As smartwatches become more functional and stylish, could they someday replace cell phones? Although at the moment this seems unlikely, history shows that brilliant inventions can be overshadowed by newer innovations.
Take, for instance, the pager, introduced in 1959. The communication device delivered a radio message individually to those carrying it. Motorola successfully marketed the Pageboy in 1974 and by 1989, there were 3.2 million pager users worldwide. The pager had no display and could not store messages, yet it was portable and allowed for companies to stay in touch with the team out in the field.
New gadgets take time to gain acceptance, and that’s what we are seeing for the smartwatch. Though demand for smartwatches is not clearly defined, Gartner research predicts 50.4 million of the wearables will be sold in 2016, up substantially from 30.3 million during last year.
The Apple Watch claimed 52 percent of worldwide smartwatch shipments last year despite only launching near the end of April, according to Juniper’s estimates. Apple Watch sales “far eclipsed” those of rival vendors, Juniper observed, while heavyweights such as Samsung continue to struggle to gain market share.
Apps might be the game-changer for the smartwatch. Watches that stand out have full-fledged apps, bringing everything from Uber and Yelp to a calculator right on the wrist.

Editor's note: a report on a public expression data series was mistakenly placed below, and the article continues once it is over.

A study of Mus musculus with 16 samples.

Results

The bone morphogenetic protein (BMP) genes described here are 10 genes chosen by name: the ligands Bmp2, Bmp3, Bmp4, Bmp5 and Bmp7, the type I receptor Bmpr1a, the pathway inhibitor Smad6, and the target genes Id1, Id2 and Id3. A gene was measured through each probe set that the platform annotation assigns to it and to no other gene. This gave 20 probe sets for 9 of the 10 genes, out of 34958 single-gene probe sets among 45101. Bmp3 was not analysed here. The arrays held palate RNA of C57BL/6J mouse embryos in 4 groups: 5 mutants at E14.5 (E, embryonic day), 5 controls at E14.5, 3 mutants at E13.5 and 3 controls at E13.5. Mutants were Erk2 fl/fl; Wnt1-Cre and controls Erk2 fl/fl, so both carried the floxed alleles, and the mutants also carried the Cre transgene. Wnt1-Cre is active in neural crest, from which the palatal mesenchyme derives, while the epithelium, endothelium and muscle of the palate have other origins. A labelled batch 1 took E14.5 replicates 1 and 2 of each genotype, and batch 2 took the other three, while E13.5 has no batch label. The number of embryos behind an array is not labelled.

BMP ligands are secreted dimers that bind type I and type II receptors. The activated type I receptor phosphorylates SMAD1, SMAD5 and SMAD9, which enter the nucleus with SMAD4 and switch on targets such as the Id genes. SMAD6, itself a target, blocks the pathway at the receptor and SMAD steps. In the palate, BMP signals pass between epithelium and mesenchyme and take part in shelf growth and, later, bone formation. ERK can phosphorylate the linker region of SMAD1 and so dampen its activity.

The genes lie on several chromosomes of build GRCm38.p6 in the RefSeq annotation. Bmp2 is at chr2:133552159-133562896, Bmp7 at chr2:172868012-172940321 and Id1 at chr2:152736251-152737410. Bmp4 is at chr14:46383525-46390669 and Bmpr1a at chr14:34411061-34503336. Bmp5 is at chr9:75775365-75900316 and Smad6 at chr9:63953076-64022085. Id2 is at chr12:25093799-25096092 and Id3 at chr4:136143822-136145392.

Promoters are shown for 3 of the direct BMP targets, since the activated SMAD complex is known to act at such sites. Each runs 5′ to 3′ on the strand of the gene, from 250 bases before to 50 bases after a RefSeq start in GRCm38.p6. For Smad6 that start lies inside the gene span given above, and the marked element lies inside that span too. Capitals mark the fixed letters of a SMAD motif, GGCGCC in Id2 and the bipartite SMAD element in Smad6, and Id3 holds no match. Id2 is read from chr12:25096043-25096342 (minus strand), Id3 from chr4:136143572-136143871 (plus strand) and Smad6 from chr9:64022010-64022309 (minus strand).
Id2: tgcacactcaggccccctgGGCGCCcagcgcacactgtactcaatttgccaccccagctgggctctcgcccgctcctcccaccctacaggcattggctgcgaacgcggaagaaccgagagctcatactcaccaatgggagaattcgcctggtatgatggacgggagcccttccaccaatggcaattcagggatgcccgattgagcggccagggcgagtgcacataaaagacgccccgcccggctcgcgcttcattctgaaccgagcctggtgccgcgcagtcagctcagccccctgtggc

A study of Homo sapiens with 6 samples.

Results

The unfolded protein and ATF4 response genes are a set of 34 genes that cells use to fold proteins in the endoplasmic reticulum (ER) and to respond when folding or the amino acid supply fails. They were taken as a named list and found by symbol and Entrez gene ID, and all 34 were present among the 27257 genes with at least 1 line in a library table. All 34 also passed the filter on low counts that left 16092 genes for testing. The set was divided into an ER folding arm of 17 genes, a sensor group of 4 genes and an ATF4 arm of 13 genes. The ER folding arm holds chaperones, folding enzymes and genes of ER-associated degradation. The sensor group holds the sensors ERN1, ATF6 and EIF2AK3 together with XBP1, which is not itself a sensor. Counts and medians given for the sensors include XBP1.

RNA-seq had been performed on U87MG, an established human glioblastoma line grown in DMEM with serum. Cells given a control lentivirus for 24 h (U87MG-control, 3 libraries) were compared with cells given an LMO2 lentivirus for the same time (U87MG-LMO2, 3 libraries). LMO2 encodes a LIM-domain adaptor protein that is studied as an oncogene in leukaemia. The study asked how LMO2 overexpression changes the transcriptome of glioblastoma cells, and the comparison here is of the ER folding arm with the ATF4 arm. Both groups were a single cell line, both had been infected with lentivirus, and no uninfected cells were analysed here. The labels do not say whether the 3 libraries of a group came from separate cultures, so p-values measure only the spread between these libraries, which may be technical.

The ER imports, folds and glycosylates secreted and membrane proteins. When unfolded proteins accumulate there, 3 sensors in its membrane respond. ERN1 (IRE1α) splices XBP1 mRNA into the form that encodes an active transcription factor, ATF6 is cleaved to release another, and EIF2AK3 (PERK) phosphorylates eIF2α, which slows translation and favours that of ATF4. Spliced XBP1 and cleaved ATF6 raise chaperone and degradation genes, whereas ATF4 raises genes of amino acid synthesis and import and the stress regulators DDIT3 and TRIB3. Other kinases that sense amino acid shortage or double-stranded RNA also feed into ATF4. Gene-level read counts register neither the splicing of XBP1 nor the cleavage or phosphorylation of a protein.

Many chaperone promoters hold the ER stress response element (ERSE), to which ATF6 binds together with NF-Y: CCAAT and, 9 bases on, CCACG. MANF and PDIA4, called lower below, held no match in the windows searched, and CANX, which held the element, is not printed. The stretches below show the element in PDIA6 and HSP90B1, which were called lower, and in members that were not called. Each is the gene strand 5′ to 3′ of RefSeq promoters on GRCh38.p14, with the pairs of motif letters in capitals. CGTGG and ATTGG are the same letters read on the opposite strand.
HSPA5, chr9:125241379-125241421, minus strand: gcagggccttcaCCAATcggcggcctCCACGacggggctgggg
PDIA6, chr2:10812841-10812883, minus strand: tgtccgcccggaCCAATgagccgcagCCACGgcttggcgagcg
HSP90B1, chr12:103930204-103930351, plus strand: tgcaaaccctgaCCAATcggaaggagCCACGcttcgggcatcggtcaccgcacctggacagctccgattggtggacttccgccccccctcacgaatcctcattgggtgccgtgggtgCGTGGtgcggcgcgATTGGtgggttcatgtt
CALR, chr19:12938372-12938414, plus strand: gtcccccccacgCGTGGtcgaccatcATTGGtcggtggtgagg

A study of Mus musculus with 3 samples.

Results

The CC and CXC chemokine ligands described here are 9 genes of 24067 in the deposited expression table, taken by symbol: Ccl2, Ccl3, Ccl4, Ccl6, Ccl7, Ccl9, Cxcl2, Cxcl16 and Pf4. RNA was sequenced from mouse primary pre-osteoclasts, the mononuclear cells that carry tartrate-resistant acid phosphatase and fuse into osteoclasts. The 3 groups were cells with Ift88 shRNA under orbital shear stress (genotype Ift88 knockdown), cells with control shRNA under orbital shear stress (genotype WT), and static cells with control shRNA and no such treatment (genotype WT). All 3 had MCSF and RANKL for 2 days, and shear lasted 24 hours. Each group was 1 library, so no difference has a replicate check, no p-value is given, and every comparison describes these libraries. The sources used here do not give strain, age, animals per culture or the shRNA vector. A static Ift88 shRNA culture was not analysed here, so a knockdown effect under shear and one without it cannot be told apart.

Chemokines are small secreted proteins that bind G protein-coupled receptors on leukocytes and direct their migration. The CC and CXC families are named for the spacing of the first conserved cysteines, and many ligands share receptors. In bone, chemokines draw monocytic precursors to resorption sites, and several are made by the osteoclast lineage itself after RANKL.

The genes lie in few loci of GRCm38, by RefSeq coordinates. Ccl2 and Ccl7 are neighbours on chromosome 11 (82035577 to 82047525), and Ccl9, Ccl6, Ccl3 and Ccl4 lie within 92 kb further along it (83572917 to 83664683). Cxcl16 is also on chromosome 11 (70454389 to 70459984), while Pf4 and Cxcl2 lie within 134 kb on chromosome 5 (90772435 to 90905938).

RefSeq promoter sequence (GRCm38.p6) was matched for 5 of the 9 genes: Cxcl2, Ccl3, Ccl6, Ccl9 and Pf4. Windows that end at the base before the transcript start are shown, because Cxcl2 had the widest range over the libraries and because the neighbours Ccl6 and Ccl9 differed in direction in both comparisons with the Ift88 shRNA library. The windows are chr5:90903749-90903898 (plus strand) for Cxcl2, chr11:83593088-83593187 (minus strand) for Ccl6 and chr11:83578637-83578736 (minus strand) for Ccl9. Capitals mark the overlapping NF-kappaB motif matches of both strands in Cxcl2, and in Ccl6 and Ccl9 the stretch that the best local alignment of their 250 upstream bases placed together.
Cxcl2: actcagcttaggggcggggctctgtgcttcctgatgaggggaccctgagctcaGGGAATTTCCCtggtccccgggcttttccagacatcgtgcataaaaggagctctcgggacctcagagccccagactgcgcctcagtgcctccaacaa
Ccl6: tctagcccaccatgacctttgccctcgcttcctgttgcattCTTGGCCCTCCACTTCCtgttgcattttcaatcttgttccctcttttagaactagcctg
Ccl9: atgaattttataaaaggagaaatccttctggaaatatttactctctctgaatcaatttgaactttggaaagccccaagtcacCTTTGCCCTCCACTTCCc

According to PC Magazine, Apple Watch probably has the...
largest number of high-quality apps and developers, but Pebble, another smartwatch maker, is no slouch. Pebble’s app store is home to over 6,000 apps, with lots of excellent options. Android Wear also has its fair share, but developer interest definitely seems to be in Apple first, followed by Pebble and then Android Wear.
Apple co-founder Steve Wozniak recently voiced concerns about the company’s strategy, saying that while he likes the device “it’s taken us into a jewelry market” rather than the market for mobile devices that Apple continues to dominate.
So will smartwatches replace cell phones? Certainly not in the near future, but the coming year is sure to bring new versions of the most preferred smartwatches, as well as completely new ones in design phase.
Most likely, the battle for wrist space will heat up. That’s good news for consumers, since it’s likely to result in even better looking, and functioning, devices. By next year, the array of smartwatches is going to look more attractive, especially as health and fitness apps become indispensable to millions of millennials.
Wireless retailers: Are you keeping up with the latest trends in gadgets and gizmos? Do you have smartwatches for sale in your store? Do you think smartwatches will one day replace cell phones? Feel free to share your insight and experiences.